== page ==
What I learned from Disney in accordance with the Christian life
#1 – Don’t rest on your Laurels!
It has been about twenty years since I’ve been to disney, and one thing I noticed was, things have changed. Granted, I was only about 7 or 8 when I was there, but just seeing how huge they have grown showed me how innovative Disney really is.
There are only four things I remember from Disney back when I was a kid; Space Mountain, Splash Mountain, The Swiss Family Robinson Treehouse, and the 20,000 Leagues Under the Sea ride. Those experiences were great, and they would have been great again. But all of the new rides made the experience even more exciting.
Disney could have ended their development twenty years ago and they would still be one of the most sought after theme parks in the world. But disney didn’t stop twenty years ago, and that’s what is going to assure that they are still the number one theme park for many years to come.
There are hundreds of closed and condemned theme parks across the United States. The rush and thrill is replaced by the hush and still. Rides are torn down or left to fall apart, and concession stands are empty of their cheap toys and candy. Nothing is left in these ghost parks anymore. There is a reason why Disney does not share the same fate. They have never rested on their laurels.
In ancient Greece, when racers would compete, the winners were given a crown of laurels. These leaves represented victory and accomplishment which were the results of a lot of hard work. Today, athletes spend their whole lives exercising and beating their bodies up for a chance to make it to the Olympics and win a gold medal. The few who are privileged enough to win are the pinnacle of hard work and devotion. However, all that hard work and dedication are nullified if the athlete decides to take a week or two off right before a big race. Resting on your laurels means that you’re banking on past successes as a means of staying ahead.
Like the theme parks that have closed their gates, I’ve seen plenty of churches that have closed their doors. Sure, their are a lot of reasons for this, but one of the biggest reasons that I’ve seen is that Christians are too content to rest on their laurels. It’s good to look back over the past several decades and delight in the high points in our spiritual journey, but when is the last time you’ve really seen the hand of God move? How long has it been since you’ve had an experience that couldn’t be explained by anything other than a miracle? Part of the reason we don’t see God working in our lives is because we’ve gotten lazy and comfortable in our tight Christian communities. When is the last time we did something completely out of the box and innovative? I think the two go hand in hand. If we’re not stepping out in faith, and exercising our salvation, we can’t expect God to bless us with spiritual fitness.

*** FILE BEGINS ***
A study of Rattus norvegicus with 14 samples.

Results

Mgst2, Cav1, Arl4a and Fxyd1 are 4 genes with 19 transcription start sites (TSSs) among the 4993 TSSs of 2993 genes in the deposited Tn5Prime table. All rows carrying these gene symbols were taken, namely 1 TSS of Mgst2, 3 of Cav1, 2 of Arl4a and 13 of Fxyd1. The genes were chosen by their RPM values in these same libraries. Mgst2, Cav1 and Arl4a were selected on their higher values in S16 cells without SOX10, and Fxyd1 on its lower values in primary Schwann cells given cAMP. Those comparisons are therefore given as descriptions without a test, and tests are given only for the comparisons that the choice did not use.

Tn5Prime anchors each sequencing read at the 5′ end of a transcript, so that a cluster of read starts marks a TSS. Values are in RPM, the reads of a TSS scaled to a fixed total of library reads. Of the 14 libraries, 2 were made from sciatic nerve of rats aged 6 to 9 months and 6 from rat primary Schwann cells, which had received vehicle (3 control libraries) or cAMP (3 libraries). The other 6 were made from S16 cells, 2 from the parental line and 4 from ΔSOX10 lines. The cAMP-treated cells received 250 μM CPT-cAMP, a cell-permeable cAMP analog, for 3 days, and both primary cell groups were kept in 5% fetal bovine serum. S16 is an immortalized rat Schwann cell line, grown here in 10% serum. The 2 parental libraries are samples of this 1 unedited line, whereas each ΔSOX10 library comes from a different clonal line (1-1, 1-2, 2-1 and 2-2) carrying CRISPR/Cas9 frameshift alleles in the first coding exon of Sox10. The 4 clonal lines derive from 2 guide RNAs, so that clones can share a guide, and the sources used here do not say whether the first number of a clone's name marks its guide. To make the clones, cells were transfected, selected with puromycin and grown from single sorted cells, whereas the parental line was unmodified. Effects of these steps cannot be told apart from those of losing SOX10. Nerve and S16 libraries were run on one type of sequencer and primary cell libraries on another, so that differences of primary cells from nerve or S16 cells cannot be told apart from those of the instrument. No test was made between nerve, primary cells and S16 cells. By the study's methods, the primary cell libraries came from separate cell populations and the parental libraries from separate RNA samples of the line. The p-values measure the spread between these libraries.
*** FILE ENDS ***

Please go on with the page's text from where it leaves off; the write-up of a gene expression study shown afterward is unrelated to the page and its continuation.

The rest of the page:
Paul tells us to work out our salvation with FEAR and TREMBLING and he paints a picture for us on what that looks like in I Corinthians 8.
“Do you not know that in a race all the runners run, but only one receives the prize? So run that you may obtain it. Every athlete exercises self-control in all things. They do it to receive a pershipable wreath (Laurels) but we an imperishable. So do I not run aimlessly; I do not bos as one beating the air. But I discipline my dody and keep it under control, lest after preaching to others I myself should be disqualified.”
Let’s not rest on our laurels, but run till the end where we can hear our Saviour say, “Well done, good and faithful servant.”